Have you ever had someone pose something to you so powerfully that it literally stopped everything?
That happened to me a couple of days ago when I received an e-mail from Daniela Liscio of Eat for Sport. My interpretation of her words (my clarion call, really) are as follows:
"In order to show up powerfully as a coach who helps individuals transition from their desk jobs to entrepreneurship, I need to demonstrate that I myself know how to make the jump."
It seems obvious, but I must admit that even now (with a blog on The Huffington Post and everything), describing the world of entrepreneurship is a slippery concept. (Copying textbook definitions from Merriam Webster is easy. Describing what it's like to be an entrepreneur is to explain a concept that's continually shifting.)
I began to think about how I would describe it, and my thoughts immediately shifted to entrepreneurial mindsets because there are so many writings on this (a google search will easily produce articles and quotes all focused on helping you develop "the entrepreneur's mindset.") Yet I realize that before one even gets to mindsets, it's necessary to focus on being. What does it mean to be an entrepreneur?
After thinking a bit further, I came up with a visual representation of what entrepreneurship feels like. It goes like this:
You're at the edge of a forest. You walk in and are taken in by how foreign the forest looks. It's beautiful with dense, green trees. Your head turns to the right and you find a jewel (e.g., client/customer) by a log. You put it in your bag and proceed. Suddenly without warning, the scenery switches. You're in a raft floating down a raging river. You're surprised that the world beneath your feet has shifted, and immediately respond -- that is after praying that the raft will keep you afloat. You anxiously look around for paddles and find a pair. You grab them and then realize you don't know how to maneuver a raft with paddles. You do yor best to get down the river without crashing into the huge boulders jutting out of the water. You do bump into a few, but find that your raft is quite sturdy. On one of the boulders, you find another jewel. You manage to get hold of it just as you pass by and put it in your bag.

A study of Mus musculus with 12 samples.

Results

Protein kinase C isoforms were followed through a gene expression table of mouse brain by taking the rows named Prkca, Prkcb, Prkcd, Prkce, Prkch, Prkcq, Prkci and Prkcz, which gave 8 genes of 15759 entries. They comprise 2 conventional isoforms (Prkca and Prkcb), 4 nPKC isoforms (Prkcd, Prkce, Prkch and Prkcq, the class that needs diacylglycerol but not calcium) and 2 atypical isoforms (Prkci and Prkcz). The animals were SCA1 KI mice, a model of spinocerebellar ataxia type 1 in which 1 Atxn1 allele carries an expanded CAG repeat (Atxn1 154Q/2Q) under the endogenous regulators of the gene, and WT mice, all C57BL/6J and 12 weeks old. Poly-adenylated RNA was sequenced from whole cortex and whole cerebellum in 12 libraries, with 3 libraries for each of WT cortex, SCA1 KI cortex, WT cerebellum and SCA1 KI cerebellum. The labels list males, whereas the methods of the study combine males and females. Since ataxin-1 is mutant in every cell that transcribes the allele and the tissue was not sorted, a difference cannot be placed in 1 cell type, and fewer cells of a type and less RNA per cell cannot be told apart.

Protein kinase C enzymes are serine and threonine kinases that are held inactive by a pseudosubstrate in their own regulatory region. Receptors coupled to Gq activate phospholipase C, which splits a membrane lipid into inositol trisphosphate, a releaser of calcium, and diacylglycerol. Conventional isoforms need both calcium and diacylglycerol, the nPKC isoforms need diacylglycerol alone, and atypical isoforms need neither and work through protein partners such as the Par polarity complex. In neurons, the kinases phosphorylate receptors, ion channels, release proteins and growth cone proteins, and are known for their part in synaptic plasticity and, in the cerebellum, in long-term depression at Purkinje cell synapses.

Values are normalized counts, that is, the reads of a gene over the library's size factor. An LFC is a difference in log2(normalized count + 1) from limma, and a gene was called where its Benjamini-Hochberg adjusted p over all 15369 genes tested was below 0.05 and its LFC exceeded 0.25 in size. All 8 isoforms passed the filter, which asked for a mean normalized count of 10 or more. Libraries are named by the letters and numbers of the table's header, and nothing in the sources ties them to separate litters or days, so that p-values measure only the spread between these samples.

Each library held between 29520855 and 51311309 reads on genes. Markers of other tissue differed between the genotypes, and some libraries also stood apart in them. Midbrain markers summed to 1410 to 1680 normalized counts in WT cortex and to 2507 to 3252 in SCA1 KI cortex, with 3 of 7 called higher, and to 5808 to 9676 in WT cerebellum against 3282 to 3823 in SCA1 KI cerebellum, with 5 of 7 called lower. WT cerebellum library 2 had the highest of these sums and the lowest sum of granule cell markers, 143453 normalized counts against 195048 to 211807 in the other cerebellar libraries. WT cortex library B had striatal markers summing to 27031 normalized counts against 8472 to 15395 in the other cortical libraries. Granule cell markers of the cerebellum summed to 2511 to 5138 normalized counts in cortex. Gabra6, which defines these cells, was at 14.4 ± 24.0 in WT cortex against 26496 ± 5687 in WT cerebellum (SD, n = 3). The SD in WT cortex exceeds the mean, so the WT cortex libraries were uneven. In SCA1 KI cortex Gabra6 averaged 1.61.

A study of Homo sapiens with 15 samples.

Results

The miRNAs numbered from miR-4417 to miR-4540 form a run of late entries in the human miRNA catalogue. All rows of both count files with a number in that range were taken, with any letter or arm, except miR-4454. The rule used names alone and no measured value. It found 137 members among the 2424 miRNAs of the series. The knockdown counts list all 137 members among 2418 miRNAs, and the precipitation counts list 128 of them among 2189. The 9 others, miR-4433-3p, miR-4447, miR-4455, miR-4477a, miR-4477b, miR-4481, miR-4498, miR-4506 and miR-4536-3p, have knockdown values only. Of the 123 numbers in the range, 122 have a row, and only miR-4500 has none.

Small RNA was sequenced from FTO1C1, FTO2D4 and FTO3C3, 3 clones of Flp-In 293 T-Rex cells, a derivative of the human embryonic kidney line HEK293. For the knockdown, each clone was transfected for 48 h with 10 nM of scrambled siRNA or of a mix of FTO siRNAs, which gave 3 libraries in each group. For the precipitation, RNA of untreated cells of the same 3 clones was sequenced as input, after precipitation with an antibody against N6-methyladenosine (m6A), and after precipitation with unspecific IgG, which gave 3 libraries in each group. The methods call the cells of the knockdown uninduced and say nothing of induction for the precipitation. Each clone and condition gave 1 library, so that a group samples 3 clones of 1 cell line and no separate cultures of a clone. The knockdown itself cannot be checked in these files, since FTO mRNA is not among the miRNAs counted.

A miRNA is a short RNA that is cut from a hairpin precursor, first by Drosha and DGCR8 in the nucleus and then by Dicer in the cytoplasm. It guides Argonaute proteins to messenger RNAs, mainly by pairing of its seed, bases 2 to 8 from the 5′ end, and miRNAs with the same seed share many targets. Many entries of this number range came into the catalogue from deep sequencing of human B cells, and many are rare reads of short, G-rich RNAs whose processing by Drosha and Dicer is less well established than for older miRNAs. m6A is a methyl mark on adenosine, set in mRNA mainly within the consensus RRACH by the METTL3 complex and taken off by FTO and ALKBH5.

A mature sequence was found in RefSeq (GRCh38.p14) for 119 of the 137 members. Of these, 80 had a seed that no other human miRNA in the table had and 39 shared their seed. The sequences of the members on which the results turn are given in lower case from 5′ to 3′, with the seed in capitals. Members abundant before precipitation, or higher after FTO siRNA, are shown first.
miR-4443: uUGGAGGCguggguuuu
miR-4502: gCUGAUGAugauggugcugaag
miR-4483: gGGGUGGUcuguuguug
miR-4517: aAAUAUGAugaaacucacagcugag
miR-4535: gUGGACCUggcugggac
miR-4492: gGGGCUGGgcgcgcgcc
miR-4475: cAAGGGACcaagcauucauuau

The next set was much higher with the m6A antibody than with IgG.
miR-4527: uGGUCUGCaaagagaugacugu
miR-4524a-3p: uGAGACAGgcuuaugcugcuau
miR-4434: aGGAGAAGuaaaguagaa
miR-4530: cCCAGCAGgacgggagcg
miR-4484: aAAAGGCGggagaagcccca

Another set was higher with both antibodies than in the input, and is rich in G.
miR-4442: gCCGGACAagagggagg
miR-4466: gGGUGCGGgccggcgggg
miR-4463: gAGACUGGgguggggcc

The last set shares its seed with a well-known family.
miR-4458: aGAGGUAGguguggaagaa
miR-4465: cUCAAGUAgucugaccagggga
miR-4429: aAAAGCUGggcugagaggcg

Scene change again. This time you're on a mountain with no trail to direct how you should proceed. Something in you tells you that you need to cross the mountain so you take a deep breath and proceed. At times, the inclines are gentle and you find jewels here and there amongst the rocks. At other times, the inclines are steep and you have to grab onto trees and vines to pull you up. You find a few jewels there too.
All of a sudden you're in a pleasant meadow with vibrant, beautiful flowers. The birds are singing. The clouds are dancing merrily in the sky. You stroll through the meadow, whistling and collecting jewels as you go along.
Scene switch. You're suddenly thrown into the middle of a large body of inky black water. It's colder than you'd like it to be, but after a few moments your skin adjusts to the temperature. You can just make out a few jewels on the water's edge. You tread water for awhile, and then you start swimming...
BEING an entrepreneur means consistently keeping yourself "in play" in this type of situation. Where you don't know what's coming next, yet you're committed to getting through whatever comes your way.
Last year I interviewed Daniela on how she took the leap from being a law firm partner to coaching amateur athletes wanting to incorporate healthier lifestyles and achieve their performance goals. You can find it here.